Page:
Posted in: Gas Prices,
by Patrick DeHaan on Oct 5, 2010 01:36 PM
By now, just about every community either knows that higher gasoline prices are coming, or they've seen them already arrive at pumps.
I took a quick peek at the national average just a few moments ago to see the latest numbers- $2.765 in the U.S. and 101.7c/L in Canada. Unfortunately, we may see prices get close to $2.80 and 103c/L on average by the end of the week if this trend continues.
I've been fielding many questions asking what in the world is going on, and I'll try and sum it up again for our audience.
The likely motive for prices climbing so quickly so fast is a surprisingly bad DOE report last week. Bad in the sense that it showed drops in gasoline inventories, oil inventories, and distillate inventories. Typically, supplies build during this time of year as demand for petroleum products sags as we transition to winter. Summer and winter see the most demand while fall is one of the weaker period as people stay indoors but while temperatures are still warm enough that homes don't need to be heated.
Anyway, that bad report last week signaled to investors that maybe there was more strength in the economy than they thought, and now since everyone is feeling better about the recovery, there is a shift in stance. Instead of being "short" or betting prices will drop, investors are moving towards "long" positions, or betting prices will rise. All of this pressures prices upwards.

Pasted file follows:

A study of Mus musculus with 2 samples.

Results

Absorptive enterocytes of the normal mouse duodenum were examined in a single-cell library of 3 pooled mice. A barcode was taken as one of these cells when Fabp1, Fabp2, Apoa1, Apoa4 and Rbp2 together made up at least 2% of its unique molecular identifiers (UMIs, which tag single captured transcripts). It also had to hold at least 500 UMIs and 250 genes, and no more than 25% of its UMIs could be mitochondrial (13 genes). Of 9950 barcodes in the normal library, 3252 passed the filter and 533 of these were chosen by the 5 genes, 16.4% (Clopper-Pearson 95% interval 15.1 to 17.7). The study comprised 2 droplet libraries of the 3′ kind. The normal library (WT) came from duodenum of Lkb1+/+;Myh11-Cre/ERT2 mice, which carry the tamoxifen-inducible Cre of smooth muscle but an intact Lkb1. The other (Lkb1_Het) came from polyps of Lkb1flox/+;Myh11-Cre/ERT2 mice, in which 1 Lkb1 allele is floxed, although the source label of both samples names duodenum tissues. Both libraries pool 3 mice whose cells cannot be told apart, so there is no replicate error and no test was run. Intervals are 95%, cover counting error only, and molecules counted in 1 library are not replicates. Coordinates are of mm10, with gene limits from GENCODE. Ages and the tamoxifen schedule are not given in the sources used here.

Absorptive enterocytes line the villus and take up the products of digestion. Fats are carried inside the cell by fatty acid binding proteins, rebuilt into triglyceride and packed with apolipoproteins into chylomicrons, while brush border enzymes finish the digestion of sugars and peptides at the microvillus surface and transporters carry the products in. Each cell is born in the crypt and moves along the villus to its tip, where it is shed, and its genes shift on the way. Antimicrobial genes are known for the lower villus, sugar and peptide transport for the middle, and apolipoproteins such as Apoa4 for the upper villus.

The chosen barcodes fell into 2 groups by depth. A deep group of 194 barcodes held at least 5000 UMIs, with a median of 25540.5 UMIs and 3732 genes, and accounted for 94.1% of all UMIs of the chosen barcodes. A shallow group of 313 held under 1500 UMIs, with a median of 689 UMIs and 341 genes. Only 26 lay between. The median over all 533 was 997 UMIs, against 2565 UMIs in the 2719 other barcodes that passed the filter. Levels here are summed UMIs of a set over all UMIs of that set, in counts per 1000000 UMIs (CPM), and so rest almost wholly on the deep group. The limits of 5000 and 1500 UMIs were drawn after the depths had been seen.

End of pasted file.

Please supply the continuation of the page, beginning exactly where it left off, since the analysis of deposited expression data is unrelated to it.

Not only that, but we are seeing demand make a slight recovery compared to last year at this time. The deal is that positive news is viewed under a microscope while negative economic news is ignored or thrown in the trash. This behavior has previously led investors to overbuy in oil, causing prices to drop, and I'm hoping that's what we'll see here.
It may take a few days or weeks, but eventually the market will realize there's no justification for high prices.
However, that doesn't help us now. Wholesale gasoline prices have risen sharply, following oil. Wholesale prices are up 20-30 cents in some areas in just the last week. This quick change has resulted in stations paying more for their supply, thus passing the cost increase on to motorists.
I think prices will continue to move higher for at least the next week.